Compilation of evidence in relation to recidivism1
Important note: The selection of studies included here is by no means comprehensive. This document merely aims to give a brief overview of the types of evidence available in relation to recidivism. It should be noted that the majority of studies included here are from North America, Australia, New Zealand and Europe (Netherlands and UK), with a few from Thailand, Hong Kong, Singapore and China. The studies are arranged into four categories, starting with those which show the greatest reduction in recidivism and ending with those which show no reduction in recidivism or where the results are mixed or inconclusive. Inconsistencies in the way summaries have been compiled reflect the limitations of the desk review and the data available in the original source material. For example, some studies do not measure results against a control group and in some cases the evaluation methodology is not very detailed. Those wishing to gain a more in-depth view of this topic should refer back to the original sources for more detail.
A. Studies which show significantly reduced recidivism
Author, country, date
Brief description of methodology
Findings in relation to recidivism
Henggeler, S. W., Schoenwald, S. K., Borduin, C. M., Rowland, M. D., & Cunningham, P. B. (1998) Multisystemic Treatment of Antisocial Behavior in Children and Adolescents. New York: The Guilford Press
Authors: Henggeler, S. W., Schoenwald, S. K., Borduin, C. M., Rowland, M. D., & Cunningham, P. B.
Overview of findings for various Mulit-Systemic Therapy (MST) programs.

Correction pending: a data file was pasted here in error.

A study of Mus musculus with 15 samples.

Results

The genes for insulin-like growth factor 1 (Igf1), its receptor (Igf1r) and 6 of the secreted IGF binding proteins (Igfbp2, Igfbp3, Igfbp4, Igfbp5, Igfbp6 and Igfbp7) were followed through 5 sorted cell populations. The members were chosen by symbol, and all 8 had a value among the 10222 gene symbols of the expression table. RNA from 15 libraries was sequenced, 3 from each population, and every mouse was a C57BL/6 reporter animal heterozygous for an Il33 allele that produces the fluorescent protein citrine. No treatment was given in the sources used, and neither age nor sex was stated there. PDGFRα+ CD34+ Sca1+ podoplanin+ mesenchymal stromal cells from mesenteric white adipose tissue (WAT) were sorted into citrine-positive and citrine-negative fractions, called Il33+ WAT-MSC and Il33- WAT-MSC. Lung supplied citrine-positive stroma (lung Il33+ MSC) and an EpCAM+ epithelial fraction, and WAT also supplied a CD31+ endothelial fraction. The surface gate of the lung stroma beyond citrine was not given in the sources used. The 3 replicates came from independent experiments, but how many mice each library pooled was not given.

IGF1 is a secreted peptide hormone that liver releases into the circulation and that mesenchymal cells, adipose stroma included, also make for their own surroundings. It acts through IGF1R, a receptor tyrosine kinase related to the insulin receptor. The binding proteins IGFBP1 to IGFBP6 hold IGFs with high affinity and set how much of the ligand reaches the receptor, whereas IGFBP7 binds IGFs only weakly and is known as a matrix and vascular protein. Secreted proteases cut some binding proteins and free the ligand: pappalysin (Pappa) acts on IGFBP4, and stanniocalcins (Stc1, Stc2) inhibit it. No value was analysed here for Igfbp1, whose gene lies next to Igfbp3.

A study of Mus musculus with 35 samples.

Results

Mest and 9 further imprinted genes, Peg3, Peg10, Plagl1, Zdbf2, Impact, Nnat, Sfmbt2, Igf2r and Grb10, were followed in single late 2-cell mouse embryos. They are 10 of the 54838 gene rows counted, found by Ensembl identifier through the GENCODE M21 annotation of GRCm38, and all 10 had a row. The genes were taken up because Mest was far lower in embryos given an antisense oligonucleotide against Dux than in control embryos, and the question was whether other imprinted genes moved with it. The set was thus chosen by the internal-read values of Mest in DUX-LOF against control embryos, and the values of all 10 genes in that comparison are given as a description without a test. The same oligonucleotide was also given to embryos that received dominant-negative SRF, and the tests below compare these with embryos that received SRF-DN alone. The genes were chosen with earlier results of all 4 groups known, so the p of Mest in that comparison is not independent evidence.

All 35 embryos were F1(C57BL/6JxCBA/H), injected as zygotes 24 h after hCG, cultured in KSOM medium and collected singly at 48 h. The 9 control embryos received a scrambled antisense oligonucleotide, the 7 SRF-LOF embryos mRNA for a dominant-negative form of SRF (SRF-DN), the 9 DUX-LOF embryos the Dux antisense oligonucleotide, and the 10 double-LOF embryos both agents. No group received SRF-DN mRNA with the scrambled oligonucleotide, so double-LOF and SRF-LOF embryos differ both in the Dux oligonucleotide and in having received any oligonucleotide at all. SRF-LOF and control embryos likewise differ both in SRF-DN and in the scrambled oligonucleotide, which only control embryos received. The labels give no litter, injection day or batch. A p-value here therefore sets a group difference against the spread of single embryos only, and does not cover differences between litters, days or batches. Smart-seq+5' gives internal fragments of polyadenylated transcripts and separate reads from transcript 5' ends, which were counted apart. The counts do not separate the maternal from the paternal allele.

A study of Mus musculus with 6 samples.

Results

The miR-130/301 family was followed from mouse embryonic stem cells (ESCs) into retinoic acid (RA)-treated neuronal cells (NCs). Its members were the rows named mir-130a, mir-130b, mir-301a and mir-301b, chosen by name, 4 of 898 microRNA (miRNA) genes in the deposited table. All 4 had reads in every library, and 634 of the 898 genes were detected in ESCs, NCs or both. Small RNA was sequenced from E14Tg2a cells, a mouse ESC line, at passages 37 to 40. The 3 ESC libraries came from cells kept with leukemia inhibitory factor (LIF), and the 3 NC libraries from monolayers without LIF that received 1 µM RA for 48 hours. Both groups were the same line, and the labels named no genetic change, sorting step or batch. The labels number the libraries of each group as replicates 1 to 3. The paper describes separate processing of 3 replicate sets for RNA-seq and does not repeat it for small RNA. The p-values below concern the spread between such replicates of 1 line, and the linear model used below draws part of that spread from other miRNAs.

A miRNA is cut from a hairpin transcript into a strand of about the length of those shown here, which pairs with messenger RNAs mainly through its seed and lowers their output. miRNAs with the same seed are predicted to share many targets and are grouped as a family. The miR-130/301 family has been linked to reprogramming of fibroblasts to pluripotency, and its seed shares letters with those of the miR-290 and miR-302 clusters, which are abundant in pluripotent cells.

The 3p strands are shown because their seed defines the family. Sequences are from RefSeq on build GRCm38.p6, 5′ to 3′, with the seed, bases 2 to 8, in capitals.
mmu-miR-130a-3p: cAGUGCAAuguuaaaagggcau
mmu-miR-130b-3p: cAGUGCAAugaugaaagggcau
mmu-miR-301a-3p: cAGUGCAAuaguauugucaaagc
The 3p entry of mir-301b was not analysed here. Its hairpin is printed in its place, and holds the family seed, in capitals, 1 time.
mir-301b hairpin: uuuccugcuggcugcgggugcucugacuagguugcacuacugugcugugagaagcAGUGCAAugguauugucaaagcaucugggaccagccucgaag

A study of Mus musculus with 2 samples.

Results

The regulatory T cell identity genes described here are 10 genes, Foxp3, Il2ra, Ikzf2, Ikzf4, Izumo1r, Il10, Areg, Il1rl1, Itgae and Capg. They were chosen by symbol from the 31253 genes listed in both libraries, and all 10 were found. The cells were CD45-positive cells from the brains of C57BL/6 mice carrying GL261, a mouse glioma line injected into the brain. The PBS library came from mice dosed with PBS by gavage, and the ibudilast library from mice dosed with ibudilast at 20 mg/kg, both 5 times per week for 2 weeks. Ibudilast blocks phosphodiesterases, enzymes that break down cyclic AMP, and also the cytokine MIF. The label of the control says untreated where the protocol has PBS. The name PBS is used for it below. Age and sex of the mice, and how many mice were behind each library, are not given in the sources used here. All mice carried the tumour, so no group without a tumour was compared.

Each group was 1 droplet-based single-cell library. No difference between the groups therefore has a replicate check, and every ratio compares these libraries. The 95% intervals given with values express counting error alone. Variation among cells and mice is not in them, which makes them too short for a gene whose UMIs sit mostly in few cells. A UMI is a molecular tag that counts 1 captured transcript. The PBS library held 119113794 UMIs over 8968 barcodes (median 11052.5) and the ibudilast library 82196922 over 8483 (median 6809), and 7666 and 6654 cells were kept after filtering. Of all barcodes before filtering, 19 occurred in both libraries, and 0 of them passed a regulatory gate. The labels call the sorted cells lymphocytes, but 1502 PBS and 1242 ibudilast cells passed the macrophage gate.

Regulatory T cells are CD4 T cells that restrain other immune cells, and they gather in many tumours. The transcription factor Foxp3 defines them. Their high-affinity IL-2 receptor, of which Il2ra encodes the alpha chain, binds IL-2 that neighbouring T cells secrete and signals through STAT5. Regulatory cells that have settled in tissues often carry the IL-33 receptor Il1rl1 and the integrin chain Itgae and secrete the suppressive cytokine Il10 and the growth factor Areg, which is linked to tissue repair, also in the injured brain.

“MST posits that other approaches to treatment—incarceration, residential treatment centers, and outpatient clinics in particular—have frequently been ineffective because they focus too much on the juvenile individually, provide services in a setting different from the home environment, and have little accountability for success. MST addresses these issues by providing an intensive treatment that focuses on the multiple factors related to delinquency in various settings or systems (e.g., school, family, peers) in the adolescent’s life. It provides this treatment in the home and community of the youth. It has a well-defined and empirically grounded theory of treatment and emphasizes accountability of service providers, effective implementation of the treatment model, and long-term change.2” 3
- youths who received MST had significantly fewer arrests, reported fewer criminal offences and spent an average of ten fewer weeks in detention during a year long follow-up;
- these results were maintained at a 2.4 year follow-up, with MST essentially doubling the % of youth not arrested;
- MST has proven effective with adolescent sex offenders, with 62.5% lower level of sex offending three years after treatment and reduced frequency of arrest (although these findings are tentative due to a small sample size of 16);
- 4 years after treatment, chronic juvenile offenders who received MST offended 50% less than those doing another treatment and 65% less than those who completed neither treatment;
- MST reduced substance abuse significantly in juvenile offenders at a 4 year follow-up, as well as reducing drug related arrests by three quarters. In another study, MST reduced rearrests by 26% and resulted in a 40% reduction in days incarcerated for drug using delinquents, at a one year follow-up;
- with violent and chronic juvenile offenders living in rural areas, MST decreased incarceration by almost half (47%) at 1.7 year follow-up, but did not decrease criminal activity as much as other recent trials.
“There have been eight randomized clinical trials of MST which demonstrate its efficacy for black and white males and females.